The Deeplings at Science Online 2011

The entire Deep Sea News team will be spending the next couple days at the Science Online 2011 conference in North Carolina. Along with copious doses of Kraken rum, lusty singing of sea shanties, and turning the hot tub into a mighty wave pool, we’ll be participating in the following sessions:

**Technology and the Wilderness** Miriam Goldstein, Jason Robertshaw, Danielle Lee and Karen James
Hashtag: #techwild
Technology offers unparalleled opportunity for outdoor education – yet it is viewed as a cause of “Nature Deficit Disorder.” But little glowy screens can be amazing educational tools. Potential directions include tools (for example: a citizen science iPhone app from Mote Marine Laboratory), networking (e.g., Outdoor Afro bringing people of color outdoors together), and exploration (e.g., following up on the Blogging From the Field/Trash Gyre sessions from past years, citizen science, teenagers blogging their discoveries).

The First Line of Response – The BP Oil Spill: science, outrage, spin, and dead pelicansMiriam Goldstein, Kevin Zelnio, Holly Bik, Craig McClain and Andrew Thaler. John Amos of SkyTruth will participate via Skype.
Hashtag: #oil
This session proposes an examination of the role of bloggers in exposing events, correcting mainstream media (MSM), offering expert analysis, and keeping important issues current after MSM interest wanes. How did BP, the government’s response, scientists, amateurs, bloggers, and MSM journalists use the web to communicate? Was the public outrage dependent only on dead charismatic megafauna photos, or can these methods be leveraged for other social/environmental issues? Outcomes from blogging the oil spill will also be discussed, such as funding opportunities for scientific research and outreach, collaborations, and media exposure.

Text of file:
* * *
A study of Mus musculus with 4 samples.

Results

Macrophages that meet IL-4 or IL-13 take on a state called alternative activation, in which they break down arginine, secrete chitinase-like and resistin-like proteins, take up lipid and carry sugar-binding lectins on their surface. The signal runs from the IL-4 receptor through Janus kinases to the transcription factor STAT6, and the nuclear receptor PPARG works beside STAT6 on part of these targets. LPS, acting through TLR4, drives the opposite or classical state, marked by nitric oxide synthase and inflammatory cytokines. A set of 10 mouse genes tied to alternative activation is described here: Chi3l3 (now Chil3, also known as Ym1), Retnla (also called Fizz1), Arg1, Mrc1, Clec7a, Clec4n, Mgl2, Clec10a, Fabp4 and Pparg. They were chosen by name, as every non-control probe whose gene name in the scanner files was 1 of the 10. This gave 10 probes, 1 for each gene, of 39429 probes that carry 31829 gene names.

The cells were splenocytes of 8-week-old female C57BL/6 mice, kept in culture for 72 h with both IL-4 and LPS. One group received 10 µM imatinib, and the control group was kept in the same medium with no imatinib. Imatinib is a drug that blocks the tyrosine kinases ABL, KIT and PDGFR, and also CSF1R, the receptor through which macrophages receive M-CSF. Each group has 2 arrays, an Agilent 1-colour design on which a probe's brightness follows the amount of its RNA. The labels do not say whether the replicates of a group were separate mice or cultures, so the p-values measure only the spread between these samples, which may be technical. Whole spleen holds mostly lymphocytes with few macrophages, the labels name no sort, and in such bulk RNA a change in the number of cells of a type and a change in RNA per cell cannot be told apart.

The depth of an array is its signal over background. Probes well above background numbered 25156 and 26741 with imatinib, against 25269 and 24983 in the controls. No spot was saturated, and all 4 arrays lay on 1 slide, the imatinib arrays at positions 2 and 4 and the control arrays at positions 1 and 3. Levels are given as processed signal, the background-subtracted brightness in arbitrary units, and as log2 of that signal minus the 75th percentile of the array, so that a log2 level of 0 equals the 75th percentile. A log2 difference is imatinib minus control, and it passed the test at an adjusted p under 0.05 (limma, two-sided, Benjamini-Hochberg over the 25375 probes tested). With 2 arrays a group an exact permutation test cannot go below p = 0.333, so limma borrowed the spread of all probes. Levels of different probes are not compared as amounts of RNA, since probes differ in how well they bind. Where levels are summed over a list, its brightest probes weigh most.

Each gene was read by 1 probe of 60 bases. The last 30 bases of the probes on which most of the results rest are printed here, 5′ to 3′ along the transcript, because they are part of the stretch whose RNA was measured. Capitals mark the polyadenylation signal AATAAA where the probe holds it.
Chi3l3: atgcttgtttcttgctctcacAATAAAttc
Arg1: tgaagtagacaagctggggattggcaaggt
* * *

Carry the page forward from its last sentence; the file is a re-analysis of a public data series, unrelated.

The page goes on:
Parenting with Science OnlineKevin Zelnio, Eric Michael Johnson and Carin Bondar

How do parents enrich the lives of their children with science using online tools and media. What are the good sites, how do we judge trustworthiness of information, how to deal with advertising targeted at our children when we are trying to educate them online? More importantly, as scientists and science communicators, parenting with science may come naturally to us so how can we as sci-parents influence non-sci parents to use online tools and media with their own children. This session will explore how we have grown to use educational tools over the internet, how our children will be born into an online world and the pros and cons of allowing use of the internet with or without parental guidance.

Blogging networks and the emerging science communications ecosystem – Arikia Millikan (Wired), Brian Mossop (PLoS), Bora Zivkovic (Scientific American and ScienceInTheTriangle), SciCurious (Scientopia), Amos Zeeberg (Discover), Lou Woodley (Nature Network), Martin Robbins (Guardian and Lay Scientist), Andrew Thaler (the Gam), Mark Hahnel (science3point0), Craig McClain (Deep Sea News), Brian Krueger (LabSpaces), Rachel Pepling (CENtral Science), Alok Jha (the Guardian), Leslie Taylor (Talking Science), Richard P. Grant (Occam’s Typewriter), Maria Jose Vinas (AGU network, via Skype), Eva Amsen (the Node, via Skype)….

A round-table with editors and community managers of blogging networks and big group-blogs in “hot seats”, audience asks questions, gives suggestions, criticisms, etc. What’s the (changing) role of an online editor on a site aggregating independent blogs? “Merely” a bloggers’ assistant for bug fixes and spam busting or a signposter to content, online marketer, creator of community or what? How closely do you monitor your community’s behaviour? Do you know visit times/bounce rates/preferred pages for all your archive and how easy is it to predict what will be “good” (high traffic?) content? Do you encourage “basics posts” and “explainers”? Do you worry if posts are not “newsy” enough?

Unfortunately I don’t think any of our sessions are among those being livestreamed, but you can follow the #scio11 tag on Twitter. Some of the sessions have unique hashtags such as the Technology and the Wilderness session (#techwild) and the BP Oil Spill session (#oil).

3 Replies to “The Deeplings at Science Online 2011”

  1. When I think of “Technology in the Wilderness”, the first thing that springs to mind is ORCA’s Eye-In-The-Sea carcass-cam. That was truly an amazing opportunity.

  2. Aeolius-Intersting observation. I’ll try to include it in our discussion. #techwild

  3. Those sessions sound awesome, I wish I could attend! I won’t be there this year (forgot to register in time, d’oh!) have fun!